President of the Central Electoral Commission, Eugene Stirbu made the following statements earlier today:
1. The Electoral Code prescribes use of the D'Hondt formula for allocating seats.
2. No-one except parliament has the right to interpret the electoral code.
Mr Stirbu is wrong in respect to item (1) because the electoral code makes no mention of the D'Hondt formula. In Art. 87(1) there is a reference to 'successive division', however the wording of this article is so vague and confused it is of little use to anyone.
Furthermore, the electoral code in two places repeats the requirement of the constitution with respect to votes being of equal value. Because they have constitutional support and protect a fundamental right of Moldovan citizens, these provisions must take prevalence over Art. 87(1), which is merely a (flawed) mode of implementing the requirements of the constitution.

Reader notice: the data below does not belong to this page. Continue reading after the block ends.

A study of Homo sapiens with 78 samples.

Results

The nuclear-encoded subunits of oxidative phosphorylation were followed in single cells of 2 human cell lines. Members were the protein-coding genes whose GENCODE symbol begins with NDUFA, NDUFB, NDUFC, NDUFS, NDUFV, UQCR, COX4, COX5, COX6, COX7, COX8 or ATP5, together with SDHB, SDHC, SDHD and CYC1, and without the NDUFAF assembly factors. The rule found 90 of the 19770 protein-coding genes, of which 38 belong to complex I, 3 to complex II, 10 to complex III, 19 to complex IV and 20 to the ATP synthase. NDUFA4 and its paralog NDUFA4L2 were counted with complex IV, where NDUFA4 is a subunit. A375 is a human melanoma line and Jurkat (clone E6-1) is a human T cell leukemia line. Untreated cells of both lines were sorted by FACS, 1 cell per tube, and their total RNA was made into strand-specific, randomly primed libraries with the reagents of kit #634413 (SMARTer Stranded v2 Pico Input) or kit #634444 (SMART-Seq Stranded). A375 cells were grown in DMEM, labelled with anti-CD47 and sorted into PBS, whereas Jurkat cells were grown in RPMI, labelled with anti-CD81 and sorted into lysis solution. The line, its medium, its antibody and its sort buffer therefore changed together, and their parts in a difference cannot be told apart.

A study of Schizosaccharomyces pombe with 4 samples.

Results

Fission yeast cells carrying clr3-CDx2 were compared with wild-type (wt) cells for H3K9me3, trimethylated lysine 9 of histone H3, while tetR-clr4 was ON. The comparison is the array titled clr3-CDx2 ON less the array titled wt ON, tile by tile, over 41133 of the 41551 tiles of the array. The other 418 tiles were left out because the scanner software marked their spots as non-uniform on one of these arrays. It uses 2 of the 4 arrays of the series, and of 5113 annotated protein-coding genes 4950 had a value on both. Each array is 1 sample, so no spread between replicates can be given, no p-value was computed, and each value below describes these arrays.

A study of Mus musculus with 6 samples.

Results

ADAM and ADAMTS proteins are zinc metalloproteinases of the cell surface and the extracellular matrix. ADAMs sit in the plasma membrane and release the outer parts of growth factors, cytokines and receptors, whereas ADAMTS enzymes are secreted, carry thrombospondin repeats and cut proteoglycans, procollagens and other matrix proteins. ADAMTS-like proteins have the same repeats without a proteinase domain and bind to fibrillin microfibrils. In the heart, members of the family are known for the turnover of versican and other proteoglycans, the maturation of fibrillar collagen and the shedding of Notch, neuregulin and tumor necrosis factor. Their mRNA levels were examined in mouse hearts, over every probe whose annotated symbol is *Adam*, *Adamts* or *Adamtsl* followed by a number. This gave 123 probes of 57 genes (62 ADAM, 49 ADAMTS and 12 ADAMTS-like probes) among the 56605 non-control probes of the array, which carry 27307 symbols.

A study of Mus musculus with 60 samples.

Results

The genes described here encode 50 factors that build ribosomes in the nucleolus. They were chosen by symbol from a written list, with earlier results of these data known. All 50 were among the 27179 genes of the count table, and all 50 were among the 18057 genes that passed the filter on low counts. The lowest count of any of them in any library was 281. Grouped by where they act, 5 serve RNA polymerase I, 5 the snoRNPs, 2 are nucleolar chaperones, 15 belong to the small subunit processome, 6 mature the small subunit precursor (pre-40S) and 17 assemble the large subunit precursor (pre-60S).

More troubling is Mr Stirbu's assertion that it is Parliament's job to interpret the electoral code. This displays a degree of ignorance which is astounding for someone who has achieved such a high office, and should lead to questioning of his fitness to fill the role.
Like most modern and democratic constitutions, the Moldovan document separates powers, ascribing to parliament the power to write laws while giving the court system the power to interpret them.
Mr Stirbu should consider that the complaints of AMN and the PL about the inequality of the D'Hondt formula relate to a fundamental consitutional right. That means that the two parties can appeal decisions all the way to the European Court of Human Rights, a court which has proved time and again that it will take no nonsense from Moldovan officialdom.